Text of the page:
Theology, Identity and Nation-building

From the “Identity of Christianity” to “Christianities of Identity”

Identity remains a powerful force in the experience of ordinary people. The phenomenon continues to animate and define relationships and possibilities in the contemporary world in matters from personal to global. At the communal level, the role of identity in building community or in fostering division is well studied.

Identity has been at the heart of a searching critique, as cultural theorists have uncovered the manufactured nature of identities. Identity politics has been even described as “the Politics of the Unreal”. The work of critical theorists, however fails to deprive identity of its power, constructive or destructive. Such treatments “problematised” identity without being able to supersede it. Identity is, according to Stuart Hall “an idea which cannot be thought in the old way, but without which certain key questions cannot be thought at all.” Identity remains intractible and unavoidable.

Wishing to advance claims that represent to be universal, theological thinking has had a particular difficulty in dealing with the power of identity and identities. In general, it has tried to ignore it and hope that the mission of the church would not be too much compromised. This is especially true of Western theologies of almost every hue, which have – in general – shown an astonishing lack of self-awareness in their neglect of this issue. Even theologies that have epmloyed the category of identity, such as gay theologies, have been prone to this weakness.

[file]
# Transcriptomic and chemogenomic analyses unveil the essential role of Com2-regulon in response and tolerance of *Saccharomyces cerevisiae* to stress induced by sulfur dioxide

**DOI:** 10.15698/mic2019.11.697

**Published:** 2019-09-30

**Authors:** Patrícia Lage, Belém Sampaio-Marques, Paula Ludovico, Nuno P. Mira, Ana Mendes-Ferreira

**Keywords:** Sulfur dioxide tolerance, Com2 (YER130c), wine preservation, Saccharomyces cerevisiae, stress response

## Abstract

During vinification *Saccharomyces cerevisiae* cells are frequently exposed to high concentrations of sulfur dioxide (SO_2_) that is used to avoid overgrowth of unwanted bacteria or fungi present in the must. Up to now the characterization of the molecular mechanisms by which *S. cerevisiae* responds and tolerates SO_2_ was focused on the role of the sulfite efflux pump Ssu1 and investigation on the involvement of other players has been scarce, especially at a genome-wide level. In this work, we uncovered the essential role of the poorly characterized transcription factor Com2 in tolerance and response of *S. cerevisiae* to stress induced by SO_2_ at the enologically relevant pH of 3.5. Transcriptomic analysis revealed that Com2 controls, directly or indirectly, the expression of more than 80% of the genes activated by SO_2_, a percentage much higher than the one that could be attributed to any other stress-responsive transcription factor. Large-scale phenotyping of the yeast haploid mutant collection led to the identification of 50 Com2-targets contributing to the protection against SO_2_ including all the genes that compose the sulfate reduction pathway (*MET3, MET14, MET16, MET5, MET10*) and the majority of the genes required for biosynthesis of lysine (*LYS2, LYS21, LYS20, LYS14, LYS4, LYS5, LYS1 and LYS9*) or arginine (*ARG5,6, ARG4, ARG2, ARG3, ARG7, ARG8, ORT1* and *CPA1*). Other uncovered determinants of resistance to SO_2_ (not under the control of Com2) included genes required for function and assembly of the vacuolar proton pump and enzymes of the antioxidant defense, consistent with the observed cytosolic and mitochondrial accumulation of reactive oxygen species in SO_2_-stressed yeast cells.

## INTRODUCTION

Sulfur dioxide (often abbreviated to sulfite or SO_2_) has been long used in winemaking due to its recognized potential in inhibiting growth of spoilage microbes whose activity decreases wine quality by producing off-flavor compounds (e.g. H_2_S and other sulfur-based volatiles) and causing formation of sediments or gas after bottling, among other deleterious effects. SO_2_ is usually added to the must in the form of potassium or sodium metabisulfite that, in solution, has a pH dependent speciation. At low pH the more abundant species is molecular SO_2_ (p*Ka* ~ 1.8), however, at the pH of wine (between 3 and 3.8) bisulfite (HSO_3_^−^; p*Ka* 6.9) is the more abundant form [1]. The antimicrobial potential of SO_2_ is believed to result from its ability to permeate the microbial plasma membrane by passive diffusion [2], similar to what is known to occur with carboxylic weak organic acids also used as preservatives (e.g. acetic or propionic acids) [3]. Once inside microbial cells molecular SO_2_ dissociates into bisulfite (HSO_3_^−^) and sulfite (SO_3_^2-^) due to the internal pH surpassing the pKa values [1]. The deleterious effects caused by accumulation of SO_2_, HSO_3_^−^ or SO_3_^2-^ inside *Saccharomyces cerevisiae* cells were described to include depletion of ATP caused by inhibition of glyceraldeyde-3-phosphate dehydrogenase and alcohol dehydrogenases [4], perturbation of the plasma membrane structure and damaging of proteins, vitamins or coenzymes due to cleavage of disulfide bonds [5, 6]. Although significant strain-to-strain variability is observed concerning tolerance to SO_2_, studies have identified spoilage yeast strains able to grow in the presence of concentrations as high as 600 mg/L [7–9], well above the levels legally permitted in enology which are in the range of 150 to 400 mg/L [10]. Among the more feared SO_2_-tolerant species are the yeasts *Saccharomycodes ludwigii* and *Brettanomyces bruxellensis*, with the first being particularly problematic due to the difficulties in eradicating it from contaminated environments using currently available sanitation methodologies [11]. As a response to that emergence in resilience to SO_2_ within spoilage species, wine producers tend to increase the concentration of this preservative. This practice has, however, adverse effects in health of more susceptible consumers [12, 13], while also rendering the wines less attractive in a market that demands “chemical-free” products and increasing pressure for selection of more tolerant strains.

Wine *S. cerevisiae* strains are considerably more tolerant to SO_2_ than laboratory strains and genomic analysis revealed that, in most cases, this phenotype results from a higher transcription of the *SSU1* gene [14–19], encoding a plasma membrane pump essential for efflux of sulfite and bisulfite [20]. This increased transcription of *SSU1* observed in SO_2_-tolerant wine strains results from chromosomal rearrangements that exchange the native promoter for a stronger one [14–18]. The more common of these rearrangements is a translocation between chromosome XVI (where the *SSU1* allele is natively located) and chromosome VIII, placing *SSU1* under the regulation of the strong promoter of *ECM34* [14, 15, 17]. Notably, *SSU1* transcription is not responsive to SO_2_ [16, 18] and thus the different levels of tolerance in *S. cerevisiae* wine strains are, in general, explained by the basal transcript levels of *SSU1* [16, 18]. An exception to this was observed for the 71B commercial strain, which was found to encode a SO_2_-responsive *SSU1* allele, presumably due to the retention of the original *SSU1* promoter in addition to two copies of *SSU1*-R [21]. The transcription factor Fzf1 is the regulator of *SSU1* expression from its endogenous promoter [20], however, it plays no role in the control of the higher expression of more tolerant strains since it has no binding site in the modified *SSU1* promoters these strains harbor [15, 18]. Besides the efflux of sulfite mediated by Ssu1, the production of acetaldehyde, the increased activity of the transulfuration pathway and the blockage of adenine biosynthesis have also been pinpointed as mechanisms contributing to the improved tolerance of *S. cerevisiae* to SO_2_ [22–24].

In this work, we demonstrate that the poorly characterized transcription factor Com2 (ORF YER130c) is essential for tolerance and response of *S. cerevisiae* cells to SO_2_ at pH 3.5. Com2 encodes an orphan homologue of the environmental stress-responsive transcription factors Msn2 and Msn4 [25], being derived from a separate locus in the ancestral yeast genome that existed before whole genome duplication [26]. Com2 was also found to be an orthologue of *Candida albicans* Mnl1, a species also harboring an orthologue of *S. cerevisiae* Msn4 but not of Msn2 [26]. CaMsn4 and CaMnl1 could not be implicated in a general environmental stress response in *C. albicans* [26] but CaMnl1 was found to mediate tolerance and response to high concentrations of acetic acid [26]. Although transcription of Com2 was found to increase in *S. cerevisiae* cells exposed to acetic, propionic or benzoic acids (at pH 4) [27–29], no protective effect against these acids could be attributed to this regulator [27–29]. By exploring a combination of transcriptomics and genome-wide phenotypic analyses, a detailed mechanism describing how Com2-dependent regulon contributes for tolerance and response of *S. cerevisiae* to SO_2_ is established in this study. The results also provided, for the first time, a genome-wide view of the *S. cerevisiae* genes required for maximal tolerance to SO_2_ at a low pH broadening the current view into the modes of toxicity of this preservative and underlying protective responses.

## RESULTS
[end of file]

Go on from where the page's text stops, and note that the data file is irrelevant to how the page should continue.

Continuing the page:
In situations of communal division, such as Ireland, theology has largely failed to develop any theological approaches which might deal creatively with identity and related issues at the level of community and nation. Those who have considered themselves to be advanced theological thinkers have tended to regard identity as a form of “false consciousness”. Even christians with a “peace vocation”, as many in Ireland, have failed to develop comprehensive theological understandings of identity.

The theologies of the non-Western world, especially those of Asia have often been bolder in this regard, and arguably more prophetic, relevant and successful for that reason. Among the most influential and comprehensive were the contextual theologies which arose in the Taiwanese church, especially among the Presbyterian community. In that situation, a small minority feeling itself to occupy a marginal position socially, and in the face of oppressive governments, embarked on a process of theological development that caused it to take definite positions on questions of that island’s political future – internally and in its external relations – based firmly and explicitly on theologies of “homeland” and “identity”.

This story of this difficult but creative development – with many lessons for Ireland, as for other situations of conflict and division – is the subject of doctoral research that John currently undertakes at the Centre for East Asian Christianity of the University of Birmingham.